Friday, 04 September 2015

Carlisle College reveals plans for £5.3m arts complex

A new £5.3 million arts complex is poised to transform a derelict pocket of Carlisle city centre.

Carlisle college photo
Steve Salked, assistant principal

Carlisle College wants to enhance the city’s cultural credentials with an “iconic” building – including theatre space – on the site of a disused sports hall.

The project is the latest in a series of schemes to overhaul the 1,400-student college’s campus and comes on the back of upgrades that have already topped £20m in seven years.

It is also another element in overhauls which have changed the face of education in the city centre, including a £20m rebuild of neighbouring Trinity School and the creation of the Richard Rose Central Academy on the former St Aidan’s School site.

College leaders will have a £3m grant towards the digital and creative arts centre confirmed next month.

They hope it will be open by late summer 2014 and create new learning opportunities.

Work is now starting on drawing up detailed plans about how their vision will take shape.

The building, on Strand Road, will house further education students who currently share space with those from the University of Cumbria at its Brampton Road site.

As well as the theatre space – which could either be a fixed area or one which could also be converted for other uses – features will include performance rehearsal areas, music recording and rehearsal booths and media editing suites.

There will also be a studio and gallery space to showcase the work of up-and-coming artists.

College assistant principal Steve Salkeld told The Cumberland News: “The university have been an excellent partner with us, but both organisations are looking to consolidate their estates.

“This gives us the opportunity to create something brand new – a state-of-the-art building with state-of-the-art technology which is very much fit for purpose.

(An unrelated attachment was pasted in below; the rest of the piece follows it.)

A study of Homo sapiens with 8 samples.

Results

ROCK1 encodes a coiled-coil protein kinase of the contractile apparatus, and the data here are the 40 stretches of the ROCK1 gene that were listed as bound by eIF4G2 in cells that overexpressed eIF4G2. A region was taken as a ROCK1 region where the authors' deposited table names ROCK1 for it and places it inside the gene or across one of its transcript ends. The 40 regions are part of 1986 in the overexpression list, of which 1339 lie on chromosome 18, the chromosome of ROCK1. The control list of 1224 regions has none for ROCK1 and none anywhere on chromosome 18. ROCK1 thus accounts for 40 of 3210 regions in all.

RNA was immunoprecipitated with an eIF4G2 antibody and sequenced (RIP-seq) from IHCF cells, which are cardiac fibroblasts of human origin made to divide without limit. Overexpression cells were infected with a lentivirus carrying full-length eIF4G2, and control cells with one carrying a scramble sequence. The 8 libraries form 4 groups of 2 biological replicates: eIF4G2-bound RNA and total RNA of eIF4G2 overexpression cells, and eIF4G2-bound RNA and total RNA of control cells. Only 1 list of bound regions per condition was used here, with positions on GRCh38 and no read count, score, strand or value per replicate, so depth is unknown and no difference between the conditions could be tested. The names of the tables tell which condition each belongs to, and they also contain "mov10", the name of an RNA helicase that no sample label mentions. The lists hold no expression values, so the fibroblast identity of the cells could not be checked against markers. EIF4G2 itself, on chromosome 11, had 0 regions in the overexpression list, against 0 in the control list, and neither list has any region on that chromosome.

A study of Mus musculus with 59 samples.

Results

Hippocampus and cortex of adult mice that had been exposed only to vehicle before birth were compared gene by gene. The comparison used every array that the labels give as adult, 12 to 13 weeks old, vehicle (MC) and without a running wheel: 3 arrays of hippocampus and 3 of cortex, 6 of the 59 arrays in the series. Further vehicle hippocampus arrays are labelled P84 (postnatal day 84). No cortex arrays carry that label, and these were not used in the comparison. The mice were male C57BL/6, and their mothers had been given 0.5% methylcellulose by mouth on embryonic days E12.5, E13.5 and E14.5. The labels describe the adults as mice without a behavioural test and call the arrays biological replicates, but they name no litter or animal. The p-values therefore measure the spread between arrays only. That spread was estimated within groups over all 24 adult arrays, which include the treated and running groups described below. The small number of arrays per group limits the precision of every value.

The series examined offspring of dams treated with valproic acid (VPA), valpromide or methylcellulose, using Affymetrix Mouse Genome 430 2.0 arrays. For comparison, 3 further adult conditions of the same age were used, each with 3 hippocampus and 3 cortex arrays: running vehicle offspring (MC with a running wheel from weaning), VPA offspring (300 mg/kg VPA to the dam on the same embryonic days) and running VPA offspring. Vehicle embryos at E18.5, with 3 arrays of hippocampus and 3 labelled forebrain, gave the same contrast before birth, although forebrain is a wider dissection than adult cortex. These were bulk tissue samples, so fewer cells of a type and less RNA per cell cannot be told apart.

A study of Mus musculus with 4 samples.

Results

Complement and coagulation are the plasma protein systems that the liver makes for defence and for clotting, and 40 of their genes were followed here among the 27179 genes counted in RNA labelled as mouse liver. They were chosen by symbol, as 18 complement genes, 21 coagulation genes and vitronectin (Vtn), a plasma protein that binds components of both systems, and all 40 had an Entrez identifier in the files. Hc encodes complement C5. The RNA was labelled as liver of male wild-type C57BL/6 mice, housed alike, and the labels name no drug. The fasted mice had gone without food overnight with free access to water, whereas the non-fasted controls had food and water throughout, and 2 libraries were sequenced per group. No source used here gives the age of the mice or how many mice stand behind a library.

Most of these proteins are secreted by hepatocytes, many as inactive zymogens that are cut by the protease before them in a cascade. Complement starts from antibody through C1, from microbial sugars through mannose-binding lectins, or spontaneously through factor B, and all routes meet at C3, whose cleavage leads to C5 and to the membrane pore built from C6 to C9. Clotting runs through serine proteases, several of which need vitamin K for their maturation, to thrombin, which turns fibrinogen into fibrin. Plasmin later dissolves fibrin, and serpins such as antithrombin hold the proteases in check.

“We hope to grow the number of courses and number of levels we offer.”

The site on which the new arts complex would stand is the former sports hall at Swifts Mews, originally built as a drill hall and which was later an indoor sports area before The Sands Centre was built.

It is already owned by the college – next to its main buildings and visible off Georgian Way – and has stood empty for a number of years, falling into an increasing state of disrepair.

A former church hall building on the corner of the proposed development site would be unaffected.

It is expected that the vast majority of the old hall buildings will have to go. Whether parts of it are retained will form part of talks between the college’s design team and council planners.

Mr Salkeld said: “This building is in desperate need of something and this project is the catalyst to help that.

“We want to have an iconic building.”

The £3m grant to support the scheme is coming from the Skills Funding Agency, which will confirm its contribution on Thursday February 14.

College principal Moira Tattersall is delighted they’ve been selected for funding and is confident the centre will have wider economic and social spin-offs.

She said: “Confirmation of this funding will enable us to develop provision in the creative, digital and arts sector by providing bespoke industry-standard facilities.

“This will further enhance education choices in Carlisle and the surrounding area. It will also enable new and growing businesses to access specialist resources on a commercial basis.”

Other investment partners are being sought to secure the rest of the cash needed for the centre.

The arts have been a growth academic area in Cumbria.

Supporters believe that, as well as improving the college, the new centre may also have a spin-off for the University of Cumbria, with students who complete further education courses progressing to those at degree level.

They are also confident it will enhance the wider arts scene at a time when Carlisle City Council is pursuing plans to create an arts centre in the former Methodist Hall on Fisher Street.

Carlisle City Council leader Joe Hendry is delighted with the college’s cash news. He had written a letter of support backing the application to secure the £3m funding.

Mr Hendry said: “When we have our new arts centre, what the college will be doing at its centre and what we’ll be doing should complement each other.”

He also believes the complex will freshen up the area in which it will be built.

“This is great for the college and great for the city because we can work together to create something really special,” added Mr Hendry, who has already highlighted the college’s funding success to fellow councillors.